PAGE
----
After 1870, the landscape of professional historiography in Europe became richer, with the creation of new chairs at universities, new archives and libraries, a growing number of learned societies, and many academies whose historical commissions engaged in publication of ambitious series of source editions. All this required closer cooperation and organization in order to maintain the new standards of professional work and to meet the high expectations of a general public that saw history as one of the central arguments for political choices and cultural identities.
National congresses or meetings of historians – both professionals and amateurs – responded to this need. In federal Switzerland, the Allgemeine Geschichtsforschende Gesellschaft (General Society for Historical Knowledge) founded in 1841 met regularly, first every two years and thereafter every year. From 1869 onwards, the congress of the historical associations in Russia met once every three years in a provincial town of the empire. In France, after 1881, a central public organization, the Comité des travaux historiques (Committee of Historical Works), organized the annual national congresses of the country’s many local and regional learned societies. In 1880, for the first time, Polish historians from the different parts of their divided country organized a general meeting. In Spain in 1893, the Spanish Excursions Society was founded, its main activity being to bring together local erudites, university professors, school teachers, and archivists. The Baltic historians held their first meeting at Riga in 1909.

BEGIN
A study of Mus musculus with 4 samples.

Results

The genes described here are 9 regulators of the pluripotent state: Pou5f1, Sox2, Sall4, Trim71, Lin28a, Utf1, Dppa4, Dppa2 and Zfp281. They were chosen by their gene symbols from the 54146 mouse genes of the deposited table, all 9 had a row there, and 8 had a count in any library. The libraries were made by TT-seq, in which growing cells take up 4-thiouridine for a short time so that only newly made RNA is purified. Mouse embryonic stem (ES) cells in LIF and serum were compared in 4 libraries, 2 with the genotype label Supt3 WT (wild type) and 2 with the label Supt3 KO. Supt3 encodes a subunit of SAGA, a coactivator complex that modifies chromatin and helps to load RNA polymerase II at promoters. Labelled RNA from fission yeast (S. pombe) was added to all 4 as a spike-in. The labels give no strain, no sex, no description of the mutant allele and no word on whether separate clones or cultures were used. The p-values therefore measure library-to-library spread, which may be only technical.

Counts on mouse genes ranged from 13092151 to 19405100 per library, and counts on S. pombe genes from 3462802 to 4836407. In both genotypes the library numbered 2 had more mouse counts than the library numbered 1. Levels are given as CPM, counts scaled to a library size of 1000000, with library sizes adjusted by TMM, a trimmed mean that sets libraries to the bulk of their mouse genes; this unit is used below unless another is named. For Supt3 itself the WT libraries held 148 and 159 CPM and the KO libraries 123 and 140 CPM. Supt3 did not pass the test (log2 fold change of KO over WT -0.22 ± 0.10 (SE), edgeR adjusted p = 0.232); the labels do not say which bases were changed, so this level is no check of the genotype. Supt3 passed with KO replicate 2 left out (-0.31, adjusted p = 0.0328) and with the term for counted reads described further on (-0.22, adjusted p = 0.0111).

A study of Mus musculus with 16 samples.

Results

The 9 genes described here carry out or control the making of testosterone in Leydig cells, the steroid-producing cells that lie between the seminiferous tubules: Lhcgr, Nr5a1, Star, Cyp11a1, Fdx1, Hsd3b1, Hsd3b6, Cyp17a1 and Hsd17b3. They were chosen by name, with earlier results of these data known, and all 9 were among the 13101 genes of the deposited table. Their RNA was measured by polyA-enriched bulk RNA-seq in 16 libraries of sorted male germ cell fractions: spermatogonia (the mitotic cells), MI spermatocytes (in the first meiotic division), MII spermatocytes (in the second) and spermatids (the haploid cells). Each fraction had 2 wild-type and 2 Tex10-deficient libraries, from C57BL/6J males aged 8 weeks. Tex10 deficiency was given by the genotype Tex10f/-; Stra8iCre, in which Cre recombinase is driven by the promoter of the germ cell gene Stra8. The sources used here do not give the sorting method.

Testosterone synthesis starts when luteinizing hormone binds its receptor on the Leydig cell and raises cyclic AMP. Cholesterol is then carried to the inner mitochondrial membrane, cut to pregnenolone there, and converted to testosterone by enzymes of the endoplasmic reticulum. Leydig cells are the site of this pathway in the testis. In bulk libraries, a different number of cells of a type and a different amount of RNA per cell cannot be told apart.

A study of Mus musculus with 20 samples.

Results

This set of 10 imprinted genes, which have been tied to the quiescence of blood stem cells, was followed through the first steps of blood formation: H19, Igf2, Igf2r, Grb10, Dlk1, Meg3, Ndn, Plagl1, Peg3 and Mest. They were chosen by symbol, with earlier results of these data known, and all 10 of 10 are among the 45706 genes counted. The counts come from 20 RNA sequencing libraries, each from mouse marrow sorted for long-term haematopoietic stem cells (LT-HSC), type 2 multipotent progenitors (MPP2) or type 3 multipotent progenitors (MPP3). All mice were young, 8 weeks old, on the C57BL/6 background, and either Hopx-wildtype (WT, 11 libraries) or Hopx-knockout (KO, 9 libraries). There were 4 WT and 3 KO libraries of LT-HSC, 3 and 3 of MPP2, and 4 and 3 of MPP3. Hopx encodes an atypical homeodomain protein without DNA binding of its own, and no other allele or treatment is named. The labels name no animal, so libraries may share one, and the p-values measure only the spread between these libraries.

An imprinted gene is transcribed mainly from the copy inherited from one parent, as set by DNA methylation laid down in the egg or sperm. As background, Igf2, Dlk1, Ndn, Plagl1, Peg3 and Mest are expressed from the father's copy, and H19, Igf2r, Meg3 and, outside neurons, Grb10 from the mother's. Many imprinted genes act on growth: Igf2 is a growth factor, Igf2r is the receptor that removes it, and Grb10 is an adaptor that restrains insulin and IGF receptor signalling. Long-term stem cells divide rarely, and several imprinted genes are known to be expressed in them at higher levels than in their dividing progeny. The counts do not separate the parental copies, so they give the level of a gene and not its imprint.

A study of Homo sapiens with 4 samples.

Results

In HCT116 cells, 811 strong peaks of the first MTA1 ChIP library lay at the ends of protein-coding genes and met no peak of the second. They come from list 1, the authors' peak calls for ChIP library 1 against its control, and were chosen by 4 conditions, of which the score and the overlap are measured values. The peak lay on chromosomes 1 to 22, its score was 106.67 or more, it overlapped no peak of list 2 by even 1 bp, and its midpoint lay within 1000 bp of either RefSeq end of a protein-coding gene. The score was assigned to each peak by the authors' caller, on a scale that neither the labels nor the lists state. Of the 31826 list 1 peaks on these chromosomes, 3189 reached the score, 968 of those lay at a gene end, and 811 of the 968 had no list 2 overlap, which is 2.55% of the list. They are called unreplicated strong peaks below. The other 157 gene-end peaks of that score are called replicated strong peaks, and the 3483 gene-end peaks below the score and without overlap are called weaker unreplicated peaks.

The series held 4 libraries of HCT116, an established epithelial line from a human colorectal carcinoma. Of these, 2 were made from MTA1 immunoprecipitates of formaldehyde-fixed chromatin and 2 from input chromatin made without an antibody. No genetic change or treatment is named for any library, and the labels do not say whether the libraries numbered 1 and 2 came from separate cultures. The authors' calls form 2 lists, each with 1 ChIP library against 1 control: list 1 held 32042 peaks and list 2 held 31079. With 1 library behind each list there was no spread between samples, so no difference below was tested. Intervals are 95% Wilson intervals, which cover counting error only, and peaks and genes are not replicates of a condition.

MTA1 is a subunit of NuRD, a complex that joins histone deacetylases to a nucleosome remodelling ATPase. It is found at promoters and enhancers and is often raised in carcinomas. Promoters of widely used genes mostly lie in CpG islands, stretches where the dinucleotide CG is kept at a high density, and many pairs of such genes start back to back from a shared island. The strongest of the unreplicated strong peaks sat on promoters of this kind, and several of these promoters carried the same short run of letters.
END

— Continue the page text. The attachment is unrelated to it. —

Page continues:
Other national organizations federated the many local associations, and they coordinated the numerous ambitious projects of source editions initiated at national and regional level by financing and evaluating them. In Italy, the historical associations and societies held their first national congress in 1879; the Italian Historical Institute was founded a few years later to coordinate their work. In France, this was the task of the above-mentioned Committee of Historical Works. In Germany, coordination was undertaken by numerous regional historical commissions (Historische Kommissionen created after 1876), and in Belgium by the Fédération des cercles archéologiques et d’histoire de Belgique (founded in 1884).
It took much longer before the new professional elite in historiography felt the need to organize themselves outside their universities and academies, where they could easily meet and cooperate. The German association of historians, founded in 1893 in order to organize the regular national congresses of historians, was for long a remarkable exception throughout Europe. In 1901, a society of modern history was founded in France, but it was much smaller, and it coordinated only a part of the discipline. In most European countries it was the creation of the International Committee of the Historical Sciences in 1923 that led to the creation of national associations.